Tens of thousands of Sadr supporters pack Iraqi capital in show of force

The Sadrist movement had called for protests to back the reform of what it says is Iraq's corrupt state, but its populist leader has also been making moves ahead of next year's vote.

AFP , Friday 27 Nov 2020
Supporters of Iraqi al-Sadr gather in support of cleric at Tahrir Square in Baghdad REUTERS
Supporters of Iraqi Shia cleric Moqtada al-Sadr gather during a rally in support of al-Sadr at Tahrir Square in Baghdad, Iraq November 27, 2020. REUTERS

Despite the novel coronavirus pandemic, tens of thousands gathered shoulder-to-shoulder for noon Muslim prayers in Baghdad's Tahrir Square, spilling out into the surrounding streets.

The Sadrist movement had called for protests to back the reform of what it says is Iraq's corrupt state, but its populist leader has also been making moves ahead of next year's vote.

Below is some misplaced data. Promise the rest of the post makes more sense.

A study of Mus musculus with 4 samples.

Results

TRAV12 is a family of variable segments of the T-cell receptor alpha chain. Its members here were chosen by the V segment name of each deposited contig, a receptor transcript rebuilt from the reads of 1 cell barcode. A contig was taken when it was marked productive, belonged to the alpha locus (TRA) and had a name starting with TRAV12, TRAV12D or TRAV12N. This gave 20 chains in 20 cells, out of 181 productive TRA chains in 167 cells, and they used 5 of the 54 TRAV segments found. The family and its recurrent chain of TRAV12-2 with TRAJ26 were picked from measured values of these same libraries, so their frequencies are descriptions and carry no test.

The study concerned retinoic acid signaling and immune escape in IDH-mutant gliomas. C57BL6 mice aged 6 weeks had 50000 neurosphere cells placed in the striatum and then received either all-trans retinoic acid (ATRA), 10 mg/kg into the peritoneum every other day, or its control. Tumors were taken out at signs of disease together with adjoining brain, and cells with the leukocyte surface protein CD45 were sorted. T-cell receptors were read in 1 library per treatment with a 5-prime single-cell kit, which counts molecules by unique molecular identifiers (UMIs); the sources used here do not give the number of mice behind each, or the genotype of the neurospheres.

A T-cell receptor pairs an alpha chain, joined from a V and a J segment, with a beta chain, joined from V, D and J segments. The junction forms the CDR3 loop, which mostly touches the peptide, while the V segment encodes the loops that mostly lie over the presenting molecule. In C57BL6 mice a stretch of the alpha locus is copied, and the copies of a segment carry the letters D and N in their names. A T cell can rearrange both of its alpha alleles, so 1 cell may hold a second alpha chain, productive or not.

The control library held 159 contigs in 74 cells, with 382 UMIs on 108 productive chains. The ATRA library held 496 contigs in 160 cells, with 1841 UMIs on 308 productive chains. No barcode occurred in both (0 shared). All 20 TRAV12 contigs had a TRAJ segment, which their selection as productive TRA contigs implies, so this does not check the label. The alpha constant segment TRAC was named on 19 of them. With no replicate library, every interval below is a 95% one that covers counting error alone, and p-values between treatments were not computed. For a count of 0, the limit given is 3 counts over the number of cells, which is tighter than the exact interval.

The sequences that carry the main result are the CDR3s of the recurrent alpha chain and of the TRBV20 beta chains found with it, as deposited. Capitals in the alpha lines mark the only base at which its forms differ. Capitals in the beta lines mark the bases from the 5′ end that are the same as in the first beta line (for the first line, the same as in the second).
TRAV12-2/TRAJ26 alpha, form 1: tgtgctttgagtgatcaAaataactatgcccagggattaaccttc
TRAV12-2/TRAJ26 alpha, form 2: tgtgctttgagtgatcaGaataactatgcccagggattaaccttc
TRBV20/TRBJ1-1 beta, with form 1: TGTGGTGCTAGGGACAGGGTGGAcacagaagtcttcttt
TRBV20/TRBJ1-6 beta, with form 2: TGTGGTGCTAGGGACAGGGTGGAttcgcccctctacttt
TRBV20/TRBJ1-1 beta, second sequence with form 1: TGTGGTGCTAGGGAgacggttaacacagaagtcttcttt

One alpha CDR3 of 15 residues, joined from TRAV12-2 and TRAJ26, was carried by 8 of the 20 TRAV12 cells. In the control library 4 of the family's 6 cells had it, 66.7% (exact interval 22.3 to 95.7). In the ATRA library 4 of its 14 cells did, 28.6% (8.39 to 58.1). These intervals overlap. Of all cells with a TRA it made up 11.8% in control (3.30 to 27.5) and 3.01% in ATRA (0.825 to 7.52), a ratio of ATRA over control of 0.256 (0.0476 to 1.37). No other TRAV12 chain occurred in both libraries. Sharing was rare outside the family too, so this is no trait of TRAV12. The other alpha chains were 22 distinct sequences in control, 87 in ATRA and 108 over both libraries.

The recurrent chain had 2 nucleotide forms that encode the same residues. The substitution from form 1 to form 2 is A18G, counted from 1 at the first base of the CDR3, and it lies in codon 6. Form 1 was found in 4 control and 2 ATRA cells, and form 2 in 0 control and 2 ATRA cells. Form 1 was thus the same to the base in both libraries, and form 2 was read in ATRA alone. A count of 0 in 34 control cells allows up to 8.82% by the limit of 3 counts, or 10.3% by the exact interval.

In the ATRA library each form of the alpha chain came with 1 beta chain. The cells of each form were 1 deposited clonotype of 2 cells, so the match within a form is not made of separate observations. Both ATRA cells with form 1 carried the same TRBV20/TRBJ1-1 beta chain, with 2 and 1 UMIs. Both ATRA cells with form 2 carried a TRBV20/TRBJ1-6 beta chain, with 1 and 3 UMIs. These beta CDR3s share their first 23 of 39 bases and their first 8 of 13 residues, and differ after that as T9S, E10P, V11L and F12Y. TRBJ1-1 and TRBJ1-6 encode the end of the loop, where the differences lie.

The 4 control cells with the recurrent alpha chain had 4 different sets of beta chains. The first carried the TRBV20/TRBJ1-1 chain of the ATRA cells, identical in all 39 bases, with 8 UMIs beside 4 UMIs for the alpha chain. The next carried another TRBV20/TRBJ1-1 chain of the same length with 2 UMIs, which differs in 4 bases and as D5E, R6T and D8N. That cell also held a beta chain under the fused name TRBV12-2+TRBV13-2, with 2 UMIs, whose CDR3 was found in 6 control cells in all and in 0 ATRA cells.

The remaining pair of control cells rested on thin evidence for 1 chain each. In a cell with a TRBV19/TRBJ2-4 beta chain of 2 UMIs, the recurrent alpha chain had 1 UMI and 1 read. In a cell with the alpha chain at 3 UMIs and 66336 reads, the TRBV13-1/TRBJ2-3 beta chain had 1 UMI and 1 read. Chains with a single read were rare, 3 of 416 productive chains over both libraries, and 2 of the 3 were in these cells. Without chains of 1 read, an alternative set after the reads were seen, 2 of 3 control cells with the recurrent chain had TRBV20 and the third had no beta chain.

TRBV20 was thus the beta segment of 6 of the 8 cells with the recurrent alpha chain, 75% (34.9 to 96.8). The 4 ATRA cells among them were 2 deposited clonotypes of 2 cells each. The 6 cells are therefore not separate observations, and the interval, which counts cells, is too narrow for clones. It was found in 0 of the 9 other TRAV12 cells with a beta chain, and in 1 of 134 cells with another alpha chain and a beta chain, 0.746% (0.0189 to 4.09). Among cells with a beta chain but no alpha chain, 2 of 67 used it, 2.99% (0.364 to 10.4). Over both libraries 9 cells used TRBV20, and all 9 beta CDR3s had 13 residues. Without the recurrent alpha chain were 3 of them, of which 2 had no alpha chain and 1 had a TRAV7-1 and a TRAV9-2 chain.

In a tweet this week, Sadr said he expected major wins for his party and would push for the next prime minister to be a member of the Sadrist movement for the first time.

Sadrists had already won big in the May 2018 vote with 54 of parliament's 329 seats, granting him the biggest single bloc.

This summer, Prime Minister Mustafa al-Kadhemi set June 2021 as the date for the next parliamentary elections -- nearly a year ahead of schedule to fulfil a key demand of the youth-dominated protest movement that erupted across Iraq in October 2019.

They will take place under a new electoral law agreed by parliament that will see district sizes reduced and votes for individual candidates replacing list-based ballots.

Most observers expect a delay of at least a few months while political parties prepare the groundwork of their campaigns, but experts say the new system is likely to benefit Sadr and his candidates.

On Friday, Sadr supporters carried Iraq's national tricolour and posters of the cleric, some of which evoked his past as a militia leader by depicting him in camouflage.

Volunteers dressed in light blue -- the movement's colour -- sprayed disinfectant from plastic tanks on their backs.

Sadr, who is very rarely seen in public, did not attend the rally.